In Tracking Time, photographer Camilo José Vergara‘s 40-year project that documents the evolution of poor and segregated communities in America, the imagery is most often focused on buildings. In a short film put together by the Getty Museum, Vergara explained his approach by saying he “realized that the buildings had the imprint not just of the people who live in the neighborhood, but also of time….I somehow argue that they can be compared to national parks, to New England villages, to the Missions in California in that they define what this country’s all about.”
That doesn’t mean Vergara avoided photographing people altogether, but that they were ancillary to his cause. The photograph included above, however, is a wonderful example of how people still made their way into his work. And in particular it captures one of the everyday oddities that children often ran across as part of neighborhood life. Dogs in heat became a public show for this raucous group of boys on the day that Vergara ran across them in the early 1970s — their hysteria in the moment telegraphed in laughter and wide smiles. Just as Vergara says that buildings show the imprint of time, so too do people.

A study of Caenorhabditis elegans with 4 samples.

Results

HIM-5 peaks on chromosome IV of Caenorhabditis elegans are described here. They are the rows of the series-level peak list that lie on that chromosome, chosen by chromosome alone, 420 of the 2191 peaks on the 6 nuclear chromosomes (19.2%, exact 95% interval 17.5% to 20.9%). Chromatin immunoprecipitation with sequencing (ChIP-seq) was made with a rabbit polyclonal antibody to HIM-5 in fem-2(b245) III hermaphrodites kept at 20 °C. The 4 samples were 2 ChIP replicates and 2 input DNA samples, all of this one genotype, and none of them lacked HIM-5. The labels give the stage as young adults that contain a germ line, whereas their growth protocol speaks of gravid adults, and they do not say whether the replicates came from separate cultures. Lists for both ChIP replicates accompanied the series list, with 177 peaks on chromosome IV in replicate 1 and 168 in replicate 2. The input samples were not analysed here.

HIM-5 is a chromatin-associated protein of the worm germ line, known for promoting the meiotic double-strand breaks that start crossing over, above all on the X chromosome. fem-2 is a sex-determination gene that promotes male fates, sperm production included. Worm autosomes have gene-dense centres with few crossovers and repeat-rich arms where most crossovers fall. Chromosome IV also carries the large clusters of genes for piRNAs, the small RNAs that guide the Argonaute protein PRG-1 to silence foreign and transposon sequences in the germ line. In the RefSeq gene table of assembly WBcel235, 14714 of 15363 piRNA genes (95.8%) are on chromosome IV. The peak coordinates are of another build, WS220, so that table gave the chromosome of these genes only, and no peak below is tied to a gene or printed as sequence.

Sure, watching dogs have sex is crude. But what teenage boy doesn’t revel in crude entertainment, even if only for a short period of time in their life. When I saw these boys and the evident happiness in their discovery, it made me wonder if a scene like this could be captured today given how fragmented and often isolated community life has become. And moreover, how emotionally disconnected we’ve become as a result of being more electronically connected (e.g., smartphones as a substitute for loneliness).
The friction between digital and analog life is a concern that dominates my thinking lately, that while the world changes for the better as a result of technology — e.g., medical advances, scientific discoveries, etc. — we also lose the shared moments and personal interactions that the digital world distracts us from. For example, a modern version of Vergara’s photograph might very well show the same group of neighborhood boys. But instead of living in the moment, each of the boys’ outstretched arms would probably be clutching a smartphone to capture a shareable image of the dogs in heat, their fornication punctuated with a hashtag.
(Photograph: Camilo José Vergara. Caption: Old New York, 1970-1973.)